The American economic expansion is finally accomplishing one of the country’s most needed social improvements: getting the long-term unemployed reattached to the labor market. Income inequality gets much of the press today, but as Harvard economist and Manhattan Institute senior fellow Ed Glaeser points out, long-term joblessness is the more serious problem. The unemployed face a heightened risk of serious ills ranging from physical maladies and mental health problems to divorce.
Rising long-term joblessness, particularly among prime, working-age men (25 to 54), has been a corrosive trend. A Kansas City Federal Reserve study found that the number of men in that key demographic not in the labor force increased from 4.6 million in 2006 to 7.1 million in 2016. We’re now seeing early signs that this trend may be reversing. Reports describe how a tightening labor market is finally tearing down employer-erected barriers to hiring. The Wall Street Journal recently noted, for example, that firms are increasingly adopting a “no experience required” policy to try to fill jobs, even eliminating the requirement for a college degree in some cases.
Up to now, observers had pointed to the rise in state-mandated occupational licensing as a factor in slow economic growth. Without help from government, though, the private sector itself had become prey to creeping credentialism. Online job postings frequently include a long list of detailed requirements, with most applicants summarily rejected by algorithms or offshore résumé reviewers. Nearly two decades of a recessionary or anemic jobs economy allowed companies to become prima donnas of hiring, and a generation of human resources and hiring managers were marinated in this environment.
Now marketplace discipline is forcing them to change. Anything that reduces an unhealthy fixation on the length of a CV is positive for economic dynamism. The marketplace is also helping those who found themselves with situations that previously rendered them all but unemployable. Anyone with an employment gap was effectively exiled from the job market, for example. Someone who fell prey to drugs but then conquered addiction, or who simply had a run of bad luck, found it all but impossible to get a foot back on the job ladder. People with other negatives—such as criminal records—had it even worse.
Indications suggest that this is starting to change, too. “As workers become scarcer, employers are looking further and wider for talent,” the Wall Street Journal reported earlier this year. “That includes tapping a pool of former prisoners.” The New York Times devoted a front-page story to the trend of employers giving ex-offenders a second chance. They cite examples in markets such as Madison, Wisconsin. “In Dane County, Wis., where the unemployment rate was just 2 percent in November, demand for workers has grown so intense that manufacturers are taking their recruiting a step further: hiring inmates at full wages to work in factories even while they serve their prison sentences.”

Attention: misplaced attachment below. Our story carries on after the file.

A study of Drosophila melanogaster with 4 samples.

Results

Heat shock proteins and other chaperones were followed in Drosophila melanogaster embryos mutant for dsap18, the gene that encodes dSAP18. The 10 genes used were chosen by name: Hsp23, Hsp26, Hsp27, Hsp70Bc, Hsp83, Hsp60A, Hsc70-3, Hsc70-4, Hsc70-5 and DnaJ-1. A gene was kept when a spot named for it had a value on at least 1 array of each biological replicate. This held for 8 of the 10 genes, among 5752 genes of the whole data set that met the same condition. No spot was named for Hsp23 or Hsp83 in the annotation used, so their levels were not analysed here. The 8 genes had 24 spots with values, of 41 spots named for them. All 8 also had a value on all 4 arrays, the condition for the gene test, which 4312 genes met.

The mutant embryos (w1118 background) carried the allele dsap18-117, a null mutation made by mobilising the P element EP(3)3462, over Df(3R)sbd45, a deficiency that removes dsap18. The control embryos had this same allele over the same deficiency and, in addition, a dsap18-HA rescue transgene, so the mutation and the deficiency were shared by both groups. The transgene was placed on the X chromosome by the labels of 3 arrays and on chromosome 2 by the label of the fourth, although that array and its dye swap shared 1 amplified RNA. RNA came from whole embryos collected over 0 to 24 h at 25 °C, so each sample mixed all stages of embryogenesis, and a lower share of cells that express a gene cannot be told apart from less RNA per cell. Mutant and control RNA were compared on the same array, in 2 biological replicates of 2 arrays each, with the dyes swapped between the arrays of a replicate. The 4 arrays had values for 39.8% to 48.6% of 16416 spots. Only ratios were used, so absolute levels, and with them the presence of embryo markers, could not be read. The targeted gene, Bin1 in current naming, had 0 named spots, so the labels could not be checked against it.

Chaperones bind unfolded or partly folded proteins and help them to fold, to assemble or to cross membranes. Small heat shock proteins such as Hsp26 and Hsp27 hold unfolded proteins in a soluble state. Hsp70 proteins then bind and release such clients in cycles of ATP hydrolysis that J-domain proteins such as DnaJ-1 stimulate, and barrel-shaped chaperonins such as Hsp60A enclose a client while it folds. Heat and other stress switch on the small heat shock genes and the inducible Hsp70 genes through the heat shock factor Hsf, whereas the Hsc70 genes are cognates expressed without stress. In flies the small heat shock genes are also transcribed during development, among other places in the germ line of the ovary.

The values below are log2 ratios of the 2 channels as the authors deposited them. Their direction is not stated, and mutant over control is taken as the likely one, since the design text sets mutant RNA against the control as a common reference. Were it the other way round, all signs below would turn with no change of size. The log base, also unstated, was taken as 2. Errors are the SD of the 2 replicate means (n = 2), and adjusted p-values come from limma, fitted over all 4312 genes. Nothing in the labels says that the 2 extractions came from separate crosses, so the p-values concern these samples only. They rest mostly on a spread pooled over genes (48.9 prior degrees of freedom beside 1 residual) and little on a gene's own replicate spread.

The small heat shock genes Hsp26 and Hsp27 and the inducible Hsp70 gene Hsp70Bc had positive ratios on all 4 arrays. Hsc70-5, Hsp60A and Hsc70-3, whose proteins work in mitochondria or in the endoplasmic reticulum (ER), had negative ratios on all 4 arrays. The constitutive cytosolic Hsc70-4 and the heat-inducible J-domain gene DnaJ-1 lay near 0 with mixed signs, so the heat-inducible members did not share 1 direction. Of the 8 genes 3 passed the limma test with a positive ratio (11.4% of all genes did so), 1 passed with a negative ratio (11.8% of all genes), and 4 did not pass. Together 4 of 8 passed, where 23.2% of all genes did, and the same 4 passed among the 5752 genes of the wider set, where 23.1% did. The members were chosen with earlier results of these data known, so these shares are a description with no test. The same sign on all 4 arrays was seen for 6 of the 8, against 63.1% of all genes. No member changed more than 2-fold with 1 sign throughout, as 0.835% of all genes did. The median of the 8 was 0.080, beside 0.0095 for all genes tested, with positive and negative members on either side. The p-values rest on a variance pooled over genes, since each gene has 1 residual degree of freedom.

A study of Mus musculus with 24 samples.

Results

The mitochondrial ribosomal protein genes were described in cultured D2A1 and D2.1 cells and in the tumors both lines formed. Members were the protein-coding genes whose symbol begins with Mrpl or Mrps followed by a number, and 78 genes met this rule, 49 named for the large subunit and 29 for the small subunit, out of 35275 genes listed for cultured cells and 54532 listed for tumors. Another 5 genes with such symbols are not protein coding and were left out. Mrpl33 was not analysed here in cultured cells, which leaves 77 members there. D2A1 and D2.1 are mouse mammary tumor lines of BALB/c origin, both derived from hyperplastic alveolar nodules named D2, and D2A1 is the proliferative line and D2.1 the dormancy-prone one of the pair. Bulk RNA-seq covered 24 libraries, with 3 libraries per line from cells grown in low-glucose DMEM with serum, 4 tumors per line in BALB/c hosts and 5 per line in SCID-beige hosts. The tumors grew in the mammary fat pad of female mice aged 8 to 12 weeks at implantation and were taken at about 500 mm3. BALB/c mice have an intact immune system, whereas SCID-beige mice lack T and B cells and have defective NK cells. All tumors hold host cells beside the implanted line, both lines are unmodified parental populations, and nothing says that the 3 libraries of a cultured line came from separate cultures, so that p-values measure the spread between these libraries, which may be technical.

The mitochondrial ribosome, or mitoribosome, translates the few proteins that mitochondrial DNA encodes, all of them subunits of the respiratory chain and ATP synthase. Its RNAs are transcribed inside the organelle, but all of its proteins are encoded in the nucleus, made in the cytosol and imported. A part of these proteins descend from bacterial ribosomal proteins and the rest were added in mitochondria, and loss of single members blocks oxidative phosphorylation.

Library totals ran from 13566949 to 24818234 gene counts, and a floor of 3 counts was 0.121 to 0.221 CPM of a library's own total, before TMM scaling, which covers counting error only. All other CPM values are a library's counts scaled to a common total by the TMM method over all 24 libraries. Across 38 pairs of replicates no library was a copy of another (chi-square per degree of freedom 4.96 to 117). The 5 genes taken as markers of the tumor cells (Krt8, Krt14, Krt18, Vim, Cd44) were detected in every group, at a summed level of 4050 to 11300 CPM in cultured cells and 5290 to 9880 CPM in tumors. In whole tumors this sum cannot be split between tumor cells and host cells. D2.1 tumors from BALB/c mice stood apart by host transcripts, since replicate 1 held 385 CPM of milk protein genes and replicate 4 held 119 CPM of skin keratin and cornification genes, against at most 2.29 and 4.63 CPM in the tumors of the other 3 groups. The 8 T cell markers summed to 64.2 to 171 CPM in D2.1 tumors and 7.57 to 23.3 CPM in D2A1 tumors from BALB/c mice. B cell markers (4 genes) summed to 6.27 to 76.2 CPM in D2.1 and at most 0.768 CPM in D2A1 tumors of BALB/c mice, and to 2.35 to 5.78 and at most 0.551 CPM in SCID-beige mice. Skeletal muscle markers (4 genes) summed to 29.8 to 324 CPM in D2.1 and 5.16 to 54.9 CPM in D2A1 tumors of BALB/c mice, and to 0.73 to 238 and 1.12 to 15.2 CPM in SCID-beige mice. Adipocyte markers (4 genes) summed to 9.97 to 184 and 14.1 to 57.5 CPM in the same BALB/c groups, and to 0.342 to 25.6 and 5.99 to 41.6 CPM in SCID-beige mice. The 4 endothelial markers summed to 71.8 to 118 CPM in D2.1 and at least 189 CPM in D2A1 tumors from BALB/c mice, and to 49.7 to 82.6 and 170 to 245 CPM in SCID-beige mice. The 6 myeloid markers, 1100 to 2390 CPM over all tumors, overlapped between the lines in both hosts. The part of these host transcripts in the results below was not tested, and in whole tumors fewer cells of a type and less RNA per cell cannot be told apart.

Progressives, including former President Obama, have pushed for regulations such as “ban the box,” which would prohibit employers from asking about criminal history on an initial job application. But it’s the economy, not federal mandates, that is forcing employers to give ex-offenders a second chance, so critical to reducing recidivism and helping them rebuild their lives.
Beyond anecdotal reporting, the data show positive signs as well. In particular, applications for long-term disability, which serves as a kind of shadow long-term unemployment benefit, have plummeted recently, falling to their lowest level since 2002, and extending the program’s solvency by several years. Traditionally, those on disability rarely exit the program, but the total number of recipients has fallen by more than 300,000 since its peak in late 2014, according to the New York Times. Prime working-age labor-force participation is also up slightly. It bottomed out in November 2015 at 88 percent but has averaged 89.1 percent for the first six months of 2018.
A strong job market can’t solve every problem, of course. Some people have legitimate disabilities or health problems; some still struggle with drugs; some offenders haven’t reformed. But for the many who want to get back to work, the current economy offers a more promising path forward than any government intervention. Whether the job growth will continue remains to be seen; a Fed-induced recession, for instance, could halt such progress in its tracks. Policymakers need to balance traditional economic considerations, such as inflationary concerns, with the unique needs of our time. Millions of Americans face a bleak future unless they can reenter stable employment. Prematurely truncating economic growth would be a mistake we cannot afford.